Coffee_decaf_liver_web

Coffee livers

Some things just have their time in the sun; for a while there it was the British Empire although now…not so much. For a time too, lava lamps, pet rocks, Garden gnomes, aerobics, and fondue seemed each to have an irretrievable hold on the collective consciousness but like the British Empire so too lava lamps pass into the sun and then move out of it. It is hard to argue that at the moment there could be any commodity that is more zeitgeisty than coffee. Most homes these days contain at least one sci-fi looking machine aimed at delivering a cup of the hallowed beverage but coffee’s reign is not bordered by the walls of homes. As soon as you step out of your front door you will find a parade of people of all ages carrying one of the many varieties of coffee available in a fashionable brown and cream cup topped with a universal white lid and sipping it, be they weightlifter or lecturer, with the delicacy of a deer at the water’s edge. It is testimony as well to coffee’s current mojo that all public drinkers adopt a swagger that says to any casual observer, “Yep, that’s right, I’m drinking this cool thing so how cool am I!” Whether coffee will pass the way of the Ottoman Empire (in fairness, we can’t lay empire failure all at the feet of the British) and pet rocks only the annals of history will tell us but right now it seems here to stay. Too much coffee of course is not a good thing but we have known for a long while that moderate coffee drinking is good for your liver and now it seems that even decaf coffee helps your liver along.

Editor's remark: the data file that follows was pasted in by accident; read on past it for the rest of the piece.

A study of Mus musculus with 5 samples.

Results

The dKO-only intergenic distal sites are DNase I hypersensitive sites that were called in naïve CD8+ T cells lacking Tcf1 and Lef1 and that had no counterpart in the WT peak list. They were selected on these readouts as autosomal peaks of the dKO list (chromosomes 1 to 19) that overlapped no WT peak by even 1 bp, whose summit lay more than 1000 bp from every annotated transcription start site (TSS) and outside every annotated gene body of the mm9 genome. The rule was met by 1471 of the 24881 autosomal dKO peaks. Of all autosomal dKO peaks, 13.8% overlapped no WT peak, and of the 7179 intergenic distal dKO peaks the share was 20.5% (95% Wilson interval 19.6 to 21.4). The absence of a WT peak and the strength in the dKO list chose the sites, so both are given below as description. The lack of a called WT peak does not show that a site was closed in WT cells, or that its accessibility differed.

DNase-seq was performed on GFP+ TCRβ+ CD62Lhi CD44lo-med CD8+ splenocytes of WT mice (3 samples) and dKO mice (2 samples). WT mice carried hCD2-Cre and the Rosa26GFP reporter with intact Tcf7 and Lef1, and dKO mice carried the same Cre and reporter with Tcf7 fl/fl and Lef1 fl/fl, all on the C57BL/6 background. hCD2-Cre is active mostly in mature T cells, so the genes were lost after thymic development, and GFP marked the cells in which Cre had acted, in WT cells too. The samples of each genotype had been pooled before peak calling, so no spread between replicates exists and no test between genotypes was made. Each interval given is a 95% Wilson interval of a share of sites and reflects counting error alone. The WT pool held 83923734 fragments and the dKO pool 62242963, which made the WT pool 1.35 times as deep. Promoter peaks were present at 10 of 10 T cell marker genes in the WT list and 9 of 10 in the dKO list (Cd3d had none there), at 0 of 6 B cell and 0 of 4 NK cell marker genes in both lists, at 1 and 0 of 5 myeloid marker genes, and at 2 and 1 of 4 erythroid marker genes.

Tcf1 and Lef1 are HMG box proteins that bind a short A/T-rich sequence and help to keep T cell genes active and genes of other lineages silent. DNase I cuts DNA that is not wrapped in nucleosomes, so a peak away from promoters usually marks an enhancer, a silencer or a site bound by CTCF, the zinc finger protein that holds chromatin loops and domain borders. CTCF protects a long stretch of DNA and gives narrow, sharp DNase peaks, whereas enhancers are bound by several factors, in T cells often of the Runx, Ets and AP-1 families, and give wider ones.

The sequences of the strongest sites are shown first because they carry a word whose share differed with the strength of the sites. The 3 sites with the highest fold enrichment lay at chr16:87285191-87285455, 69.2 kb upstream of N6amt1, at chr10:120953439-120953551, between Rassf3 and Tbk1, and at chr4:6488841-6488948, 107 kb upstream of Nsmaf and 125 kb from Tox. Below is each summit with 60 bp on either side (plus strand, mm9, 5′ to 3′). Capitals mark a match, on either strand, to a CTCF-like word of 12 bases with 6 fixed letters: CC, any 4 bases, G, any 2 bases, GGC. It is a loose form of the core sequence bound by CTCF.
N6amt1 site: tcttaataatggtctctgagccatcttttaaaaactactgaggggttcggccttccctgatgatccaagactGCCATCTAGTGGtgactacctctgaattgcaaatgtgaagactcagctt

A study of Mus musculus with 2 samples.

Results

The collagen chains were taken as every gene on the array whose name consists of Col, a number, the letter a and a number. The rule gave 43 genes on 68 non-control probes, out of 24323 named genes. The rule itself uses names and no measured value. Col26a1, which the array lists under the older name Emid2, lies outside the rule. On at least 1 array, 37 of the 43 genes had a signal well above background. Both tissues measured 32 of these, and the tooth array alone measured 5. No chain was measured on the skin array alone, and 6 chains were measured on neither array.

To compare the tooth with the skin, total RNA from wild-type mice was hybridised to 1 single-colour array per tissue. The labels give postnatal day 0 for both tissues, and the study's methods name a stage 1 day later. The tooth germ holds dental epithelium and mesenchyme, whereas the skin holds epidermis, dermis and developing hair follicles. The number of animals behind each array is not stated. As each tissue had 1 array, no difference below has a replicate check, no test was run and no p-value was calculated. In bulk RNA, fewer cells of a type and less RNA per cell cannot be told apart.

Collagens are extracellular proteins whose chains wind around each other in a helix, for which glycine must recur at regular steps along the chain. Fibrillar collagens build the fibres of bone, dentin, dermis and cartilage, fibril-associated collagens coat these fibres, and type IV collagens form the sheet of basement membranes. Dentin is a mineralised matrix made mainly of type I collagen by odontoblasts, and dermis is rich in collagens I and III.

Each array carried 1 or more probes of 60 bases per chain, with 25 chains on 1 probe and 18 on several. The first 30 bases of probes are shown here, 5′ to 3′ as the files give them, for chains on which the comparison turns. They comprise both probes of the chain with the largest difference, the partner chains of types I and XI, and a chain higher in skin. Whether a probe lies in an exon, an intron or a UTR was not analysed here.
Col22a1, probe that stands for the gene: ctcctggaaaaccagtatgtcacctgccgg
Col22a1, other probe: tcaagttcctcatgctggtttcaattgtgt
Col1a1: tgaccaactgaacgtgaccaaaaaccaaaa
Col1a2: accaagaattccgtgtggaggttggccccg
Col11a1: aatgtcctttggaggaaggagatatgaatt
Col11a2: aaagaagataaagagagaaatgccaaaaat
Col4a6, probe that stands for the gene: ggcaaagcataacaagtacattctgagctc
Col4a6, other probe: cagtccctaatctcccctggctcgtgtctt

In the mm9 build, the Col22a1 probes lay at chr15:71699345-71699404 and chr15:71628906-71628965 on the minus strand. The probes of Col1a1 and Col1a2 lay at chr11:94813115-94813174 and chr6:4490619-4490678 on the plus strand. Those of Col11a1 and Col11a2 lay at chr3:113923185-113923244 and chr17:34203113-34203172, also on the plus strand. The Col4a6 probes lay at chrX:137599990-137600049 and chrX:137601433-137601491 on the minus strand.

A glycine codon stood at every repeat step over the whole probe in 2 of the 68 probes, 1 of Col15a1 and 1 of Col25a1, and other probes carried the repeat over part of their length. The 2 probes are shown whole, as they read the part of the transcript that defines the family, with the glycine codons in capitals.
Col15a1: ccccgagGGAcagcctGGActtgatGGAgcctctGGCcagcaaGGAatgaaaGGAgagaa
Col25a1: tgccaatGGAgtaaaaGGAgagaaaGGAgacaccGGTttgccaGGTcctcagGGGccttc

In a new study researchers had subjects report their coffee intake over a 24 hour period. To assess liver health the researchers measured blood levels of liver enzymes. Elevated liver enzymes may indicate inflammation or damage to cells in the liver. Inflamed or injured liver cells leak higher than normal amounts of certain chemicals, including liver enzymes, into the bloodstream, which can result in elevated liver enzymes on blood tests. The enzymes measured here were alanine aminotransferase (ALT), aspartate aminotransferase (AST), alkaline phosphatase (ALP), and gamma glutamyl transaminase (GGT).

The results showed that people who drank three or more cups of coffee per day had lower levels of all four liver enzymes compared to those who did not drink any coffee. These same results existed in people who only drank decaf coffee.

Of course drinking three or more cups of coffee, depending on the form you are consuming, could get you into a harmful range for caffeine consumption as far as other parts of your body, like your nervous system and heart go, if you are drinking the full octane brew.

According to this study though, whether it is decaf or full caf, that latte loves your liver. Does that mean the Coffee Empire will never fall? Surely one day, like all before it, coffee too will become a “has-bean”.

Terry Robson

Terry Robson

Terry Robson is the Editor-in-Chief of WellBeing and the Editor of EatWell.